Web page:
The National Labor Relations Board chair's dissent on a case centered on employee handbooks portends the board's future direction, legal experts say.
By Julie Cook Ramirez
Upholding a 2015 decision by an administrative law judge in its San Francisco branch, the National Labor Relations Board recently ruled that Verizon Wireless Inc. maintained numerous handbook rules that were too restrictive on employee communications and behavior.
In Cellco Partnership d/b/a Verizon Wireless, an employee filed an unfair labor practice charge alleging five provisions of the company's code of conduct unlawfully interfered with the right of employees to engage in concerted activity in violation of the National Labor Relations Act.
In her ruling, the judge held that Verizon's restrictions relating to "solicitation and fundraising," which prohibited employees from using company email to distribute materials to one another, including during non-working time, and the "prohibited activities" section, which forbid employees from using company email to communicate with each other on behalf of a labor organization, were overly broad and infringed upon employees' NLRA rights.
The ruling relied heavily on the standard established in 2004 in Lutheran Heritage Village-Livonia, which deemed work rules and handbook provisions unlawful if employees "would reasonably construe" them to prohibit activities under Section 7 of the NLRA, which grants employees the right to engage in concerted, protected activities.
The board's decision was not unanimous, however.
Acting -- and likely future -- NLRB Chairman Philip Miscimarra wrote a lengthy dissent in which he called upon the board to overturn and reject the Lutheran Heritage standard. Harkening back to his dissent in last year's William Beaumont Hospital ruling, Miscimarra called for the board to abandon its existing analysis and adopt a new "balancing test" that would take into account an employer's legitimate justifications for a particular policy or rule.
"The 'reasonably construe' standard defies common sense and is contrary to the Act in numerous respects," writes Miscimarra. "It entails a single-minded consideration of NLRA-protected rights . . . without taking into account the many legitimate justifications associated with particular policies, rules and handbook provisions, which may have as their purpose avoiding potentially fatal accidents, reducing the risk of workplace violence, or preventing unlawful harassment."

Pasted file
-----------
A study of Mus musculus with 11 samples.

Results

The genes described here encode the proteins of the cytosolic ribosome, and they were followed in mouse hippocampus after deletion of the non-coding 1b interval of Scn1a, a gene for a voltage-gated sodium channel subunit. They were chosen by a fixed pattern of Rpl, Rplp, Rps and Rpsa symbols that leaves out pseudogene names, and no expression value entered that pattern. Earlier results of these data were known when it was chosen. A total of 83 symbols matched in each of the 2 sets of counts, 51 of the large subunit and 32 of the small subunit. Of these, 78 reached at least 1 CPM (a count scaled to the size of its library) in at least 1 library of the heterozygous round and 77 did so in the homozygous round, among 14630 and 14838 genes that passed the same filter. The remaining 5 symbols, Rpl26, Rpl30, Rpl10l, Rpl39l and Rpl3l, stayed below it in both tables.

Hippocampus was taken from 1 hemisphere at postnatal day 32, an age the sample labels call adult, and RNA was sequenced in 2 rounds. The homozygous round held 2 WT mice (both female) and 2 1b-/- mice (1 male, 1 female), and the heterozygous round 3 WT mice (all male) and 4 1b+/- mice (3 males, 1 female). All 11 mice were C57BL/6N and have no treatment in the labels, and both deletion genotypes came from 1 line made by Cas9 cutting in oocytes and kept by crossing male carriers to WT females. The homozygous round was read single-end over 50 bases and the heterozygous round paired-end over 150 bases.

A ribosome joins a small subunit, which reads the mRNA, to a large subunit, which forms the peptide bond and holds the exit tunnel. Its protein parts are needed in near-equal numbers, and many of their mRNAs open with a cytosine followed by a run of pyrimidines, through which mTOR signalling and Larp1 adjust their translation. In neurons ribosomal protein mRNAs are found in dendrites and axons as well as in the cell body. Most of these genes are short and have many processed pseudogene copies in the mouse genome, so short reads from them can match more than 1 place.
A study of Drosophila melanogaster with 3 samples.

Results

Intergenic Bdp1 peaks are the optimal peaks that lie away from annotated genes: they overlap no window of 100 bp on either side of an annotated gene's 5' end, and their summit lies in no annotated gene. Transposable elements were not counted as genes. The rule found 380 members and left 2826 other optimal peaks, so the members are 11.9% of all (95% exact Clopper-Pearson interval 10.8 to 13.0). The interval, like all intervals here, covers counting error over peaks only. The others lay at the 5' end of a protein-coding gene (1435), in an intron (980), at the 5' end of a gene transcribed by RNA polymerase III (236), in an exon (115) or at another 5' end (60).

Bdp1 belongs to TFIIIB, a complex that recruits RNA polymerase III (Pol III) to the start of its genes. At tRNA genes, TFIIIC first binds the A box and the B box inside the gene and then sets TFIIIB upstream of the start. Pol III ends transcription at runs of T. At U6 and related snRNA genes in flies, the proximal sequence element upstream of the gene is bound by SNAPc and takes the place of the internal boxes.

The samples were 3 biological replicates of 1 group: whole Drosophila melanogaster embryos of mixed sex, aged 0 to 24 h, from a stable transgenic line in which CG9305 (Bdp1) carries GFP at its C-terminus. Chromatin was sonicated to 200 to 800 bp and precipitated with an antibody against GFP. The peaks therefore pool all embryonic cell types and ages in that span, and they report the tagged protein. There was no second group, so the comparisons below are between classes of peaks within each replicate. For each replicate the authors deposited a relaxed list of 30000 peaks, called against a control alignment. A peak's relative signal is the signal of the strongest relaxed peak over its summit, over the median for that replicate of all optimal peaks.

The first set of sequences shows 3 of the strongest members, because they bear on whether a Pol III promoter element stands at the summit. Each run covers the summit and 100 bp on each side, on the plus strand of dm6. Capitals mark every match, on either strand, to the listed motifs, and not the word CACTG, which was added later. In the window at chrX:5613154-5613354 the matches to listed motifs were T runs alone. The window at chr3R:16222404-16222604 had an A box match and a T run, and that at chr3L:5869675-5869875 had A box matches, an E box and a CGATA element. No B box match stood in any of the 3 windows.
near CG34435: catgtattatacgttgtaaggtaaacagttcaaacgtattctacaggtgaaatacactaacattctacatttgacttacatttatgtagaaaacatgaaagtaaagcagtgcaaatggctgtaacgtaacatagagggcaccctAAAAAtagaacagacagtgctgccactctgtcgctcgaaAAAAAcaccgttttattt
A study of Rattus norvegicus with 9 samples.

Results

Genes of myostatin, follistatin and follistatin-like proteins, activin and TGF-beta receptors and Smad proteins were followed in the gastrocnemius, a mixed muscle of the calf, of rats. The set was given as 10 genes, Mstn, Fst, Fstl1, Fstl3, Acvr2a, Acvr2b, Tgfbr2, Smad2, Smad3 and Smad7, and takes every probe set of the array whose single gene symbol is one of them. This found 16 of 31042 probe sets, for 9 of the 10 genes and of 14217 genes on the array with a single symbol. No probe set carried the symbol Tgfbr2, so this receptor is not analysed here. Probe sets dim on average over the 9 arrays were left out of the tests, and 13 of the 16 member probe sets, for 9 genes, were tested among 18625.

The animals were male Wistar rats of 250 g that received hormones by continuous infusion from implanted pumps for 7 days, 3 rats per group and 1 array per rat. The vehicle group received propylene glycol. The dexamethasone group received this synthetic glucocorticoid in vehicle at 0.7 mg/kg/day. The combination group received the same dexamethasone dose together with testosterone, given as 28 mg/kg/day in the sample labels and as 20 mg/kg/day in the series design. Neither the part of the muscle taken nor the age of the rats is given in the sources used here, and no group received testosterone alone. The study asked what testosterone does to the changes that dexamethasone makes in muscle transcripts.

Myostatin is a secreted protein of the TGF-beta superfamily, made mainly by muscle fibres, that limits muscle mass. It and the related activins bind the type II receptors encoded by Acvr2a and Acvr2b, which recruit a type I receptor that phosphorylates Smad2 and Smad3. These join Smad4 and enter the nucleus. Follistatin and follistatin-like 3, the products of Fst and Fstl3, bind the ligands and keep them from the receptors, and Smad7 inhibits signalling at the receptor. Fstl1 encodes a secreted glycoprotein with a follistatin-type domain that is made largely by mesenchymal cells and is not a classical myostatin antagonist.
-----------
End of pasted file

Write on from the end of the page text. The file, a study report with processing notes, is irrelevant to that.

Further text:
For their part, employment-law practitioners agree with Miscimarra's argument, which comes on the heels of eight years of "social engineering" by the board during the Obama administration, according to Robert Carrol, a partner in the labor and employment and alcohol beverage practice groups at Arent Fox in San Francisco. Many attorneys find fault with the "reasonably construe" standard because, they say, it can be interpreted too broadly.
"The NLRB has taken many garden-variety and innocuous employment policies and asked whether the employees might 'reasonably construe' them as limiting their Section 7 rights," says Laurent Drogin, a partner at New York-based Tarter Krinsky & Drogin, head of the firm's labor and employment practice and co-head of its restrictive covenant subgroup. "The board's view of how an employee might 'reasonably construe' a policy has been carried to an illogical place."
While he holds that ruling on unfair labor practices became somewhat of a "cottage industry" for the NLRB during the Obama years, Steven Swirsky, a member in the employment, labor and workforce management and health care and life sciences practices at New York-based Epstein Becker Green, believes Miscimarra's dissent offers hope to employers who have been struggling to draft policies and handbooks that will pass muster with the NLRB.
"It's been a real challenge for employers because the pendulum has swung very far in one direction," says Swirsky. "The dissent calls for is a more balanced approach that considers why the employer says they need this policy and then looks to see how it's applied and how it's done in practice as opposed to finding these perceived violations based on the existence of the policy without any evidence it ever inhibited anybody from exercising their rights."
According to Swirsky, Miscimarra's dissenting opinion bears "real predictive value" when it comes to future actions of the board. Currently, however, Republican Miscimarra is in the minority, as the other two members of the board, Mark Gaston Pearce and Lauren McFerran, are Democrats. When President Trump fills the two existing vacancies, the NLRB will likely adopt a much more employer-focused approach to the interpretation of labor law, according to Carrol.
"The chairman has laid out a very workable test, this balancing test, that strikes the right approach," says Carrol. "There's probably a sporting chance, a better than 50-percent chance that ultimately his dissent will cause that intellectual conversation to gather momentum, but it's not going to happen next week or next month."
In the meantime, Carrol recommends HR executives take a critical look at their employee handbook, seek to simplify the language and look for ways to make them "more protected, even under the current 'would reasonably construe' standard." Always, he says, it's advisable to consult with counsel to make sure they are not "trampling on employees' Section 7 rights."